The following commentary by Naomi Nakamura is from Fight Back! News:
One hundred ten years ago, on July 7, 1898, the United States annexed Hawai’i as part of its push towards empire. The same year the United States fought a war with Spain to seize the Spanish colonies of Cuba, Guam, the Philippines and Puerto Rico.
Until 1893, Hawai’i was an independent nation, whose government was recognized around the world, including by the United States. But in 1893, the U.S.-backed American plantation owners and missionaries overthrew the Hawai’ian government. In 1897, the vast majority of the Hawai’ian people signed a mass petition against being annexed by the United States. The next year, in 1898, the United States annexed Hawai’i anyway, taking control against the wishes of the Hawai’ian people.
Under U.S. colonial rule, native Hawai’ians suffered from poverty and oppression, as their land and culture was stripped away. The export-oriented sugar plantation economy was consolidated and Hawai’i was used as a key military staging ground in the Pacific for U.S. military intervention in Asia. In 1959, Hawai’i was made a U.S. state, following a referendum that allowed thousands of U.S. military personnel to vote, and which did not include the option of independence. As a state, Hawai’i has continued to be a major U.S. military center and the tourist industry, largely based on the sale of Native Hawai’ian culture as a commodity, has become the mainstay of the Hawai’ian economy.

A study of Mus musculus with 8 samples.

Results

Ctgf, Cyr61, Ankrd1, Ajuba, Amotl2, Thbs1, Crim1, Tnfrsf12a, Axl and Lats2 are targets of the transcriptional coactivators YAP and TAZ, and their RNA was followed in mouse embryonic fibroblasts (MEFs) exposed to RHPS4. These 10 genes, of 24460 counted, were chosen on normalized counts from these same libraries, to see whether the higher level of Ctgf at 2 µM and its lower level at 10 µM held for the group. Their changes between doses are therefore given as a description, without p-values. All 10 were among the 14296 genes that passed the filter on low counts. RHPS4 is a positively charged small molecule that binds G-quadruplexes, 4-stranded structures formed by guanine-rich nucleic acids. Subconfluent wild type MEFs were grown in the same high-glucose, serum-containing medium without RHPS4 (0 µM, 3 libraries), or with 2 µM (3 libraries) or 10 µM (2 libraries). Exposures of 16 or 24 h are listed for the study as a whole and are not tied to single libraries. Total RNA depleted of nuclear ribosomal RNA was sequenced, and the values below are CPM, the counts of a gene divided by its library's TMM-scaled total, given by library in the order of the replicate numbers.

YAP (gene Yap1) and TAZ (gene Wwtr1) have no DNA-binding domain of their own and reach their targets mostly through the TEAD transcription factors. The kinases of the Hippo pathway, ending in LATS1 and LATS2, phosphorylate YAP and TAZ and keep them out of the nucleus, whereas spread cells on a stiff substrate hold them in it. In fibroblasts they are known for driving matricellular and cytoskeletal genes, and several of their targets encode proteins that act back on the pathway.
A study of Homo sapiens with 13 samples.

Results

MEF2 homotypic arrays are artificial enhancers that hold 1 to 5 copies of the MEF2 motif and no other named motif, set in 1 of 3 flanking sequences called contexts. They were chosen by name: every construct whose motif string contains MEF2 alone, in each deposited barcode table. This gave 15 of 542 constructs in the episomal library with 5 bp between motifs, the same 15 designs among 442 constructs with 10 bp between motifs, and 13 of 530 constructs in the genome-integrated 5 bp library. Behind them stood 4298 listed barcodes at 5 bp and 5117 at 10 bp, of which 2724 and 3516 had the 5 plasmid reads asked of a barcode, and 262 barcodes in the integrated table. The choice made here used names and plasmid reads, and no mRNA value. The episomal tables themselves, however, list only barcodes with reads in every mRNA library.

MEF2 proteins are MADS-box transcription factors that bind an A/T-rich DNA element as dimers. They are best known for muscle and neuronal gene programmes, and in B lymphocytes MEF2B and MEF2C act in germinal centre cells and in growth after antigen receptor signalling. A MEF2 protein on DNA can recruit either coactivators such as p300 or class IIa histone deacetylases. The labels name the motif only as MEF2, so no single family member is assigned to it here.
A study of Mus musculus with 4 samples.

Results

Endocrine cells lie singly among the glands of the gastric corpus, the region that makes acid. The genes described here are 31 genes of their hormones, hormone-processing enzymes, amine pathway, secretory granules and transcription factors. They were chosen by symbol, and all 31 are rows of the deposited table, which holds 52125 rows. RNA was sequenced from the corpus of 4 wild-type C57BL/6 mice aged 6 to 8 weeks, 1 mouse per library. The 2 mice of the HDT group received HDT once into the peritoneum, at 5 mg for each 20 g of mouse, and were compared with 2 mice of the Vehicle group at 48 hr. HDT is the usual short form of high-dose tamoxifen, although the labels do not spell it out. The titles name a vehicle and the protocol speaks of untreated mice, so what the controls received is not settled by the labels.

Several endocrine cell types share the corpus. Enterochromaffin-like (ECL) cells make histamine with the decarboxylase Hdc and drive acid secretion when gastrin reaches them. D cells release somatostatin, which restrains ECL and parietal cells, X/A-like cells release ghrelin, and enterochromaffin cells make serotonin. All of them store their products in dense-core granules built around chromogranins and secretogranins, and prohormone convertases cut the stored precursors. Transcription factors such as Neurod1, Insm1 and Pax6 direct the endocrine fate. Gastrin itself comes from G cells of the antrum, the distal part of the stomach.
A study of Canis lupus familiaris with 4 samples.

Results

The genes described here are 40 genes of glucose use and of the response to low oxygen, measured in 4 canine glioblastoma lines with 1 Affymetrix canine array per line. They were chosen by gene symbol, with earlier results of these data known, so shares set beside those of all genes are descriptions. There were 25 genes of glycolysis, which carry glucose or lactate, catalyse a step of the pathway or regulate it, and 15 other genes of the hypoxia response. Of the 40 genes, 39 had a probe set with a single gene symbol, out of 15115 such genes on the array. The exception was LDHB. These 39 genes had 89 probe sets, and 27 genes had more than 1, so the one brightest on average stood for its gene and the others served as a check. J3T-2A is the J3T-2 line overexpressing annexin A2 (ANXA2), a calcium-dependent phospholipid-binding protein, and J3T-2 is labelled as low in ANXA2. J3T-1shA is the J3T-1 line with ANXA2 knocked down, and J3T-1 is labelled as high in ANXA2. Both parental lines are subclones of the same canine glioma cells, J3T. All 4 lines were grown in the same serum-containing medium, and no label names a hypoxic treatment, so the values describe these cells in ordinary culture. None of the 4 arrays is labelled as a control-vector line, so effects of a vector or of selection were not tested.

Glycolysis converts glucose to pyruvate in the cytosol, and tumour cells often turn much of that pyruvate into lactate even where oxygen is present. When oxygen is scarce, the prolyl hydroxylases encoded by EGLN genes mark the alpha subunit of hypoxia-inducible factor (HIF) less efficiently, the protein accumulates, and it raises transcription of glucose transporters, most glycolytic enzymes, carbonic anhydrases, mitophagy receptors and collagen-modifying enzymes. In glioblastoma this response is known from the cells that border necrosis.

In April of 2008, a group of leaders of the Hawai’ian sovereignty movement wrote an “open letter to the U.S. left,” asking for support for self-determination for the Hawai’ian Nation. This is in the context of legislation in the U.S. Congress (the Akaka Bill) that would be a setback for the Hawai’ian independence movement. The letter says that the bill is being promoted by the Hawai’ian corporate and political elite under the guise of ‘racial justice.’ But the bill would actually give up the Hawaiian Nation’s historic legal claims to independence, recognizing only Native Hawai’ians as an indigenous people.
At the end of April, native Hawaiian activists took control of the historic Iolani Palace in downtown Honolulu, demanding sovereignty for Hawai’i. The Iolani Palace was the residence of Hawai’ian royalty who headed Kingdom of Hawai’i before its overthrow in 1893. The protesters left before being arrested, but assured that they would return and continue the struggle. This action again brought attention to the cause of the Hawai’ian Nation.